Watch The Sheepman
- 1 hr 25 min
The Sheepman is a 1958 western comedy film directed by George Marshall and starring Glenn Ford, Shirley MacLaine, and Leslie Nielsen. The plot centers around Jason Sweet, a tough sheepman who comes to the rough and tumble town of Powder Valley and finds himself at loggerheads with local cattle barons. The film is known for its sharp wit, clever double entendres, and memorable performances.
The movie begins with Sweet (played by Glenn Ford) arriving in Powder Valley with his herd of sheep. From the get-go, he's at odds with the local cattlemen, who view sheep as a nuisance and an inferior breed. While Sweet tries to make peace with his new neighbors, he soon finds himself embroiled in a feud with the wealthy and influential local landowner, Colonel Hector Cyrus (played by Leslie Nielsen).
Adding fuel to the fire is a beautiful and impetuous young woman named Dell Payton (played by Shirley MacLaine), who has her own history with Cyrus and his family. Dell quickly takes a liking to Sweet's rugged charm, much to the chagrin of the other men in town. What follows is a humorous and action-packed story of romance, rivalry, and redemption.
One of the most striking things about The Sheepman is the way it blends elements of classic westerns with a more modern sensibility. While the film is set in the Old West and features all the trappings of a traditional cowboy movie (including shootouts, bar brawls, and horseback chases), it also has a sharp wit and a knowing self-awareness that makes it feel fresh and contemporary.
For example, many of the characters in the movie are aware of the genre conventions that they're inhabiting, and they play up and subvert those expectations for comedic effect. Glenn Ford's Jason Sweet is a classic western hero, with his rugged good looks and his tough-guy demeanor, but he's also a bit of a trickster, fond of playing practical jokes on his rivals and using his wits as much as his fists to get out of tight spots.
Shirley MacLaine's Dell Payton, meanwhile, is a fascinating character in her own right. She's no damsel in distress - in fact, she's often the one who saves Sweet from danger. She's also a liberated woman who isn't afraid to speak her mind or defy societal conventions. Her unconventional attitudes toward love and marriage provide some of the film's most memorable and amusing moments.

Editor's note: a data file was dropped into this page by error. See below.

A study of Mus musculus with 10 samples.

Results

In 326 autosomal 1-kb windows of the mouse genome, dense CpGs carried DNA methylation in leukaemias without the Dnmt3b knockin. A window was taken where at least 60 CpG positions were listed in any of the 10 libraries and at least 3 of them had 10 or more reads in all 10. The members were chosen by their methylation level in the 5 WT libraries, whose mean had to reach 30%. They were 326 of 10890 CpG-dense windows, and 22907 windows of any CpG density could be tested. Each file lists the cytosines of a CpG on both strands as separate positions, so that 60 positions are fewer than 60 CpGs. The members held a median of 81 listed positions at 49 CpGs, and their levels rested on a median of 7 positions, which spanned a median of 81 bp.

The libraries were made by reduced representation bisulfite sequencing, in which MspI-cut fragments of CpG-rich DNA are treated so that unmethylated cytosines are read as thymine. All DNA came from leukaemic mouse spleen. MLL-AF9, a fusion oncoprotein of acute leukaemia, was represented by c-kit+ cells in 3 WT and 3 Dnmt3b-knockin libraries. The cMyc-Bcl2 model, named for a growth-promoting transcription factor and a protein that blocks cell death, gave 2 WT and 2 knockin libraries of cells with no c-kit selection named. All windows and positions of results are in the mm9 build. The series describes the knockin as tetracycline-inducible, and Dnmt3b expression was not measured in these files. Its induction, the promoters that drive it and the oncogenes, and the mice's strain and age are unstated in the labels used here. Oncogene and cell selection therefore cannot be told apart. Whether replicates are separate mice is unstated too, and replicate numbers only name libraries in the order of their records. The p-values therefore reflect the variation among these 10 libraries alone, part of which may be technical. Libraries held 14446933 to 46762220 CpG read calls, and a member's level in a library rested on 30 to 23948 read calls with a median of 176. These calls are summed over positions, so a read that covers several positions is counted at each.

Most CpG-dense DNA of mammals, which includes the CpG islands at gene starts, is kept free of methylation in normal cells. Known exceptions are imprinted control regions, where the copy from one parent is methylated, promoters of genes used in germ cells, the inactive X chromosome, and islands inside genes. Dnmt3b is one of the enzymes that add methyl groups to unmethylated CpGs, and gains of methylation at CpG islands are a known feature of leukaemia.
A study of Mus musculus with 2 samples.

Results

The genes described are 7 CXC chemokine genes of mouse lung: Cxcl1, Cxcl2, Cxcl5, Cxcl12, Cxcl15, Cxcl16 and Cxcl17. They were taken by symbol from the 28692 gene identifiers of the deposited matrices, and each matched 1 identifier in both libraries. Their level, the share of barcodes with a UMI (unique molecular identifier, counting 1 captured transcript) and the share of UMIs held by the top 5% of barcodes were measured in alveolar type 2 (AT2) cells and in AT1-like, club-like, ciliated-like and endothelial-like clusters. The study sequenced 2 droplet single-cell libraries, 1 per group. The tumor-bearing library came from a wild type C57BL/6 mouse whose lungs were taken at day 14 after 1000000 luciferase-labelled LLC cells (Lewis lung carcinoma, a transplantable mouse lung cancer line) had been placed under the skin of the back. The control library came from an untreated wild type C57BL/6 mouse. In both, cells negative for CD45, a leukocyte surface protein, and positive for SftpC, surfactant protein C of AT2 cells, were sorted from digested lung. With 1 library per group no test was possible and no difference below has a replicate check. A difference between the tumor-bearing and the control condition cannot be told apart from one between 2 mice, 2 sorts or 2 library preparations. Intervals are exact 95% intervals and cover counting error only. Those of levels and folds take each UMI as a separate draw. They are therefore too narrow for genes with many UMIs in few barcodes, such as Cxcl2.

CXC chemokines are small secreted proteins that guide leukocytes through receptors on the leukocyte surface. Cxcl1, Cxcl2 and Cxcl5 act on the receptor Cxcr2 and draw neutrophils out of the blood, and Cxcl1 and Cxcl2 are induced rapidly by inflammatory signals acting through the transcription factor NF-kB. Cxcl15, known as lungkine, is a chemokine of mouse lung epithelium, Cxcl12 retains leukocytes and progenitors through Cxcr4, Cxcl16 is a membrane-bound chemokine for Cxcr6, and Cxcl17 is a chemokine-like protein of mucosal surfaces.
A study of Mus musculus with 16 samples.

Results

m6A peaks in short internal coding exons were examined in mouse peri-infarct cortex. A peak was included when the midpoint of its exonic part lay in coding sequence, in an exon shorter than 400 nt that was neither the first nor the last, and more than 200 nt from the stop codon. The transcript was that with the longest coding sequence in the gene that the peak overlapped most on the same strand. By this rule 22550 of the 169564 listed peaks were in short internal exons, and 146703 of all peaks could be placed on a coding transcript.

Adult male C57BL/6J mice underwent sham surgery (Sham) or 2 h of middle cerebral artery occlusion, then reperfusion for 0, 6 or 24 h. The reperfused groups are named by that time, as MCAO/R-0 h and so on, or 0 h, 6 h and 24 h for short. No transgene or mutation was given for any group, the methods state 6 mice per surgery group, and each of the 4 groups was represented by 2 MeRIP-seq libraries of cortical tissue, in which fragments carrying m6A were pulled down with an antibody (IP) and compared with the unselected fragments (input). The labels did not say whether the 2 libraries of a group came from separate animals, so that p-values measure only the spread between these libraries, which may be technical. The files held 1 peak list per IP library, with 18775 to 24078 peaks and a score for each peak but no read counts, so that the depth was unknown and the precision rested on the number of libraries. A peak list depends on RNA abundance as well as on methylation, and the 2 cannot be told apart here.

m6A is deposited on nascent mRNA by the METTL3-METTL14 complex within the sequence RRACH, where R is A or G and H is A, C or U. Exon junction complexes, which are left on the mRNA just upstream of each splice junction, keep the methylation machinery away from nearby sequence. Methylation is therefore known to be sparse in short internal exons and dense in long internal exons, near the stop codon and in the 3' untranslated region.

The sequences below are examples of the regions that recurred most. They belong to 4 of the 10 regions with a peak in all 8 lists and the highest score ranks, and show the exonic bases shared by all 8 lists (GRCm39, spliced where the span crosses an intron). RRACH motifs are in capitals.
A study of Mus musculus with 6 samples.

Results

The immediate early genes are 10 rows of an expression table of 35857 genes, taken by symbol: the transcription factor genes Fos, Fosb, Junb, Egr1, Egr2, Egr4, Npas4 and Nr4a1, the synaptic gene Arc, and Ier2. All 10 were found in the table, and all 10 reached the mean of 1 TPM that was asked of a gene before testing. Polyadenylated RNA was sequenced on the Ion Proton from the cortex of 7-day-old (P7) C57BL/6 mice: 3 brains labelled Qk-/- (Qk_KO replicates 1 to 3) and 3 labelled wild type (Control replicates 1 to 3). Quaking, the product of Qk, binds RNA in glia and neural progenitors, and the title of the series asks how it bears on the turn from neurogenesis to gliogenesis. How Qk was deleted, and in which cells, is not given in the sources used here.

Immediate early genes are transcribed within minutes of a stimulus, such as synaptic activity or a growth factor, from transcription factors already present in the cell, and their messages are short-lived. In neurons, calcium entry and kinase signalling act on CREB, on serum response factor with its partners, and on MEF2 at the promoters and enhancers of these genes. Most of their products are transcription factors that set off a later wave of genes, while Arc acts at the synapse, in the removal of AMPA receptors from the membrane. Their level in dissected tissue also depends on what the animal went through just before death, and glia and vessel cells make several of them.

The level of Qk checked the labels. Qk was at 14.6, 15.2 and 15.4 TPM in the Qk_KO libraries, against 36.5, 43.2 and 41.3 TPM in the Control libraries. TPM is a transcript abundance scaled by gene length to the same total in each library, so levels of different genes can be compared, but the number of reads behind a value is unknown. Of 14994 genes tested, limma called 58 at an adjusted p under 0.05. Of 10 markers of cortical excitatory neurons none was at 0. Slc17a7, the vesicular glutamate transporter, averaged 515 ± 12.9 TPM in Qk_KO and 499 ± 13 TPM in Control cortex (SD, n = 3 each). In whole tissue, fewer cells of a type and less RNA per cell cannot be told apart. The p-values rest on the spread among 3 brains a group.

The performances in The Sheepman are uniformly excellent. Glenn Ford is perfect as the wisecracking sheepman with a heart of gold, while Shirley MacLaine brings a fierce and fun energy to her role. Leslie Nielsen, playing against type as a villain, is deliciously nasty and conniving, and his scenes with Ford crackle with tension.
The supporting cast is equally strong, with a number of memorable character actors filling out the ensemble. Edgar Buchanan, for example, is hilarious as the befuddled mayor of Powder Valley, and Mickey Shaughnessy is great as a lovable oaf who befriends Sweet. Even the bit players get their moment to shine, with a number of memorable one-liners and sight gags sprinkled throughout the film.
The movie's direction and cinematography are also top-notch. Director George Marshall (who had previously worked on such classics as Destry Rides Again and How the West Was Won) knows how to stage an action scene for maximum impact, and his use of wide angles, sweeping vistas, and deep focus helps to give the film a grandiose and epic feel.
Overall, The Sheepman is a standout entry in the western-comedy genre. With its clever writing, memorable characters, and lively performances, it's a movie that is sure to entertain fans of both classic westerns and modern comedies alike. Whether you're in the mood for a thrilling gunfight or a witty verbal sparring match, this film has something for everyone.